Reconfigure “Pygmalion” and its musical descendant “My Fair Lady” for the age of Facebook and Twitter, and the result is “Selfie.”
The main characters are even named Eliza and Henry in the ABC sitcom premiering Tuesday (Sept. 30). Instead of giving compulsive social media poster Eliza Dooley (think “Doolittle”) lessons in proper English, Henry Higenbottam (a la “Higgins”) is enlisted to help her relate to the real world at least as much as to cyberspace.
Developed by Emily Kapnek (“Suburgatory”), “Selfie” stars Scottish actress Karen Gillan — who played Amy Pond on “Doctor Who” — as Eliza, and John Cho (of the “Harold & Kumar” and most recent “Star Trek” movies) as Henry.
“We started off talking about relationship shows and potential romantic comedies,” Kapnek told reporters, “what the modern obstacles are, and sort of the presence of technology in relationships … the ever-present phone and laptops and tablets at dinner tables and bedrooms and every sort of occasion.
“And we realized that in telling a story where that is an obstacle and someone [is] sort of trying to wean themselves [off it], there was inherently a ‘Pygmalion’ sort of aspect. We sort of embraced it and kind of went into it, but it didn’t start off from a place of, ‘Let’s tell a modern version of “My Fair Lady” or “Pygmalion.” ‘ “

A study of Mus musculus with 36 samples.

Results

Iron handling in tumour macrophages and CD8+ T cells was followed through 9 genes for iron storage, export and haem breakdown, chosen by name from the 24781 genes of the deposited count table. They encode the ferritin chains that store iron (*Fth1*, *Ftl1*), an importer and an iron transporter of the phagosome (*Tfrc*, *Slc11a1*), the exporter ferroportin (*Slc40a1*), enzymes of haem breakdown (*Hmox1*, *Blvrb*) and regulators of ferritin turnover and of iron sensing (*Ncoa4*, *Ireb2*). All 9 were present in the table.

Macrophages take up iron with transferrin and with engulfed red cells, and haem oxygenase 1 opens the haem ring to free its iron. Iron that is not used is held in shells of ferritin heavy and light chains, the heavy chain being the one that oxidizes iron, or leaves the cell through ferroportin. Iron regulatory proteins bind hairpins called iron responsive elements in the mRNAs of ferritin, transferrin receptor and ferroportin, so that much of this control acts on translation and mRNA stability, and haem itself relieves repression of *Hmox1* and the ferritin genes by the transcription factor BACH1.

Gillan became social media-conscious upon learning she was “being talked about on it,” she recalls. “Then I realized you should probably never Google yourself, so that became a rule in my life. I did join Twitter while on ‘Doctor Who.’ It was very exciting.”
Relating strongly to filling the Henry Higgins slot on “Selfie,” Cho notes that character “was a linguistics expert, and I was thinking how as an immigrant, I kind of have that. When you’re not born in this country, you tend to study how the natives talk and a little bit like Gatsby or something. It doesn’t work when you look different, which is the lesson I learned later.”
While social media expectedly plays a big role in “Selfie” in the early going. Kapnek forecasts it won’t always be that way — but she admits knowing when to ease up on it is tricky.
“The idea is, obviously, this is [Eliza’s] sort of evolution and growth away from some of those devices, away from some of those habits,” the writer-producer says, “so maybe it starts to dwindle. But because this is sort of one of the main things she’s fighting against and one of her characteristics, we wanted to prop it up at just the right time with just the right degree of it. I mean, that’s a balance we’re hoping to strike.”